Necessary Negotiations
Finding a solution to the Iranian nuclear issue is imperative for both the Middle East and the world
By Qin Tian

THINKING DIFFERENTLY: Iranian Foreign Minister Mohammad Javad Zarif and U.S. Secretary of State John Kerry attend a closed-door meeting of nuclear talks at Palais Coburg in Vienna, Austria, on November 24 (ZHANG FAN)

The parties involved in the Iranian nuclear talks announced a second extension of negotiations as they failed to reach a comprehensive agreement by the scheduled deadline of November 24. The agreement states that the interim Geneva deal—officially titled the Joint Plan of Action, which was sealed between Iran and the P5+1 countries on November 24, 2013—will also be extended to June 30, 2015. The P5+1 group involved with the Iranian nuclear negotiations comprises the five permanent members of the UN Security Council—the United States, Russia, China, Britain and France, plus Germany.

After its second extension following the previous one in July, the interim Geneva deal, which consists of a short-term freeze of portions of Iran's nuclear program in exchange for decreased economic sanctions on the country, has become a de facto "permanent" deal. The seemingly prosaic result is in fact a clear reflection of the conundrum of the Iranian nuclear issue and strained relations between Washington and Teheran.

Security vs. sanctions

Ten rounds of official negotiations between Iran and the P5+1 group have already been held this year, in addition to numerous meetings among experts as well as bilateral and trilateral foreign ministers' meetings. These combined efforts have yet to produce a breakthrough, suggesting that a final deal may be highly unlikely for the foreseeable future. One of the key sticking points between Iran and the United States, the two major negotiating parties, has to do with uranium enrichment.

The goal of the United States is to prevent Iran from obtaining nuclear weapons. However, Washington has acknowledged that Teheran already possesses the technical know-how to produce nuclear weapons, thus its specific objective is to ensure that the latter cannot produce enough highly enriched uranium to make a nuclear bomb within half a year.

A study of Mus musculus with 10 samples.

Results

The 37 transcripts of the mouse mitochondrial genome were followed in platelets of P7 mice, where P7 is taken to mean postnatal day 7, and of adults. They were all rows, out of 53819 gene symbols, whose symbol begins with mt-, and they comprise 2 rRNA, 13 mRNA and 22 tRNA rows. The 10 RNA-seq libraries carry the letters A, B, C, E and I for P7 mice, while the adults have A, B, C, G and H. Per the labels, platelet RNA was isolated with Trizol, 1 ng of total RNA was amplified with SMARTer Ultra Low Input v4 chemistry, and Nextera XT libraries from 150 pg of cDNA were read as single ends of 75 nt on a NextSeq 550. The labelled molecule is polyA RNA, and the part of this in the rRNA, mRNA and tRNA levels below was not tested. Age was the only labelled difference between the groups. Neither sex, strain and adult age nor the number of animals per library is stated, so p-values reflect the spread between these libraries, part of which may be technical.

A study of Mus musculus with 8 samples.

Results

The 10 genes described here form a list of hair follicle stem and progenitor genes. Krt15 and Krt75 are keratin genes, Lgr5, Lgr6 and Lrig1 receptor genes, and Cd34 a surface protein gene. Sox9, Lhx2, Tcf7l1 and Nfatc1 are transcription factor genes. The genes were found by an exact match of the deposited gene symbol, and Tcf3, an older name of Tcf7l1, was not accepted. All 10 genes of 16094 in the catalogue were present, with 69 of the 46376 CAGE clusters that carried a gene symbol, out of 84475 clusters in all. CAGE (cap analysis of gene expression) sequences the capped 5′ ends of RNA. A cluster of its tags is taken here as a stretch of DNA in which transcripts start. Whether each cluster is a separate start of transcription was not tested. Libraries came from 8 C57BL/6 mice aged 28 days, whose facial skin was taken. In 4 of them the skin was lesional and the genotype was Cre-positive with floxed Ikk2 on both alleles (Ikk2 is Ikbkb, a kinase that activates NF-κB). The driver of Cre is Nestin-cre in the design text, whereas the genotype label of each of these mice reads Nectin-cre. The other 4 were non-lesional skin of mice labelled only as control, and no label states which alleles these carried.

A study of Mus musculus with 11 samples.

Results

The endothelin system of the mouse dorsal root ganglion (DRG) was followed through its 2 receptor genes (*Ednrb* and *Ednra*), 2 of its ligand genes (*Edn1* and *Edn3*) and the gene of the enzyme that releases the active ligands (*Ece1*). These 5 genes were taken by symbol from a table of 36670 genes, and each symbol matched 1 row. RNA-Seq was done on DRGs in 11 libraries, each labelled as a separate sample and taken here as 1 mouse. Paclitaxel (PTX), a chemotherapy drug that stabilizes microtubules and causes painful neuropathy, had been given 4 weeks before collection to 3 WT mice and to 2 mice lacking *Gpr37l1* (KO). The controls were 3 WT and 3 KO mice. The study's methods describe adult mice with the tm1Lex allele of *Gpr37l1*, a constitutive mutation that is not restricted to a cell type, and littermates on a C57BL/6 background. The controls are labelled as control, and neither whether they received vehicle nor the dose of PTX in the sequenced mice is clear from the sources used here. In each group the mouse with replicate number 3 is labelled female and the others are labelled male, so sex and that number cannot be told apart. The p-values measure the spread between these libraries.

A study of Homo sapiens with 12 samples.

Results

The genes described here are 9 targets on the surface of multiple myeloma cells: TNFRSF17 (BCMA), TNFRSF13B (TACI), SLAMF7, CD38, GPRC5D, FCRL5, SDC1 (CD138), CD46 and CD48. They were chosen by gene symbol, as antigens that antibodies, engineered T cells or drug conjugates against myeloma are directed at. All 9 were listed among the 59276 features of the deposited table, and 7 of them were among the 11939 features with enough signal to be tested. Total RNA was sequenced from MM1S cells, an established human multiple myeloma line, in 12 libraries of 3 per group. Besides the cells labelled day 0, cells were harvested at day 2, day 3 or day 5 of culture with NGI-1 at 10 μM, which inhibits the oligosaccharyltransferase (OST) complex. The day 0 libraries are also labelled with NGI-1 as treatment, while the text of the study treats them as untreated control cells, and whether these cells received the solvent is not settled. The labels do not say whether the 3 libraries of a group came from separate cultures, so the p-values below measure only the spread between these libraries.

Given that Iran has diluted its 20-percent enriched uranium stockpile in accordance with the Geneva deal, the United States is focused on reducing Iran's current 19,000 centrifuges to a few thousand. Meanwhile, Iran wishes to safeguard its right to pursue uranium enrichment capability as a nuclear deterrence. After the conversion of its 20 percent-refined uranium, centrifuges have become Iran's biggest trump card for its uranium enrichment capability. Iran's supreme leader, Ayatollah Ali Khamenei, said in July that the country needs 190,000 separative work units to fuel a planned network of nuclear power plants, arguing that all existing 19,000 centrifuges should be kept. The gap between Iran and the United States is thus very wide.

Both the United States and Iran take the sanctions seriously. The United States believes that tough energy and financial sanctions have forced Iran to compromise and return to the negotiating table. Thus, whether as a weight in the nuclear talks or to contain Teheran for the long term, the United States may choose to continue the sanctioning indefinitely. In fact, the United States has constantly stressed to the international community the importance of nuclear-related sanctions and even expanded the list of sanctions once again earlier this year.

On the part of Iranian authorities, the most important thing is to prevent external sanctions from severely damaging the country's economy and thus threatening their rule. Otherwise, all their gains on the nuclear issue will be in vain. In the aftermath of the Geneva deal going into effect, Iran is now faced with fewer sanctions than ever before. For instance, $700 million in Iranian assets are being released on average monthly, and the interim agreement has also lifted sanctions on Iran's petrochemical and automobile industries. These relaxations are of little help for the nation's economic recovery, however. Thus, Iran has strongly argued for a lift of sanctions on key economic sectors including oil exports, fund transfers and energy investment.

Although Washington and Teheran seem unable to reach an agreement for the time being, the talks are not expected to break down. Under the Geneva deal, Iran has frozen portions of its nuclear program in an effort to alleviate the international community's concern over the newest chapter of a potential nuclear crisis. As U.S. Secretary of State John Kerry said, Iran's current nuclear capability is much less pronounced than one year ago.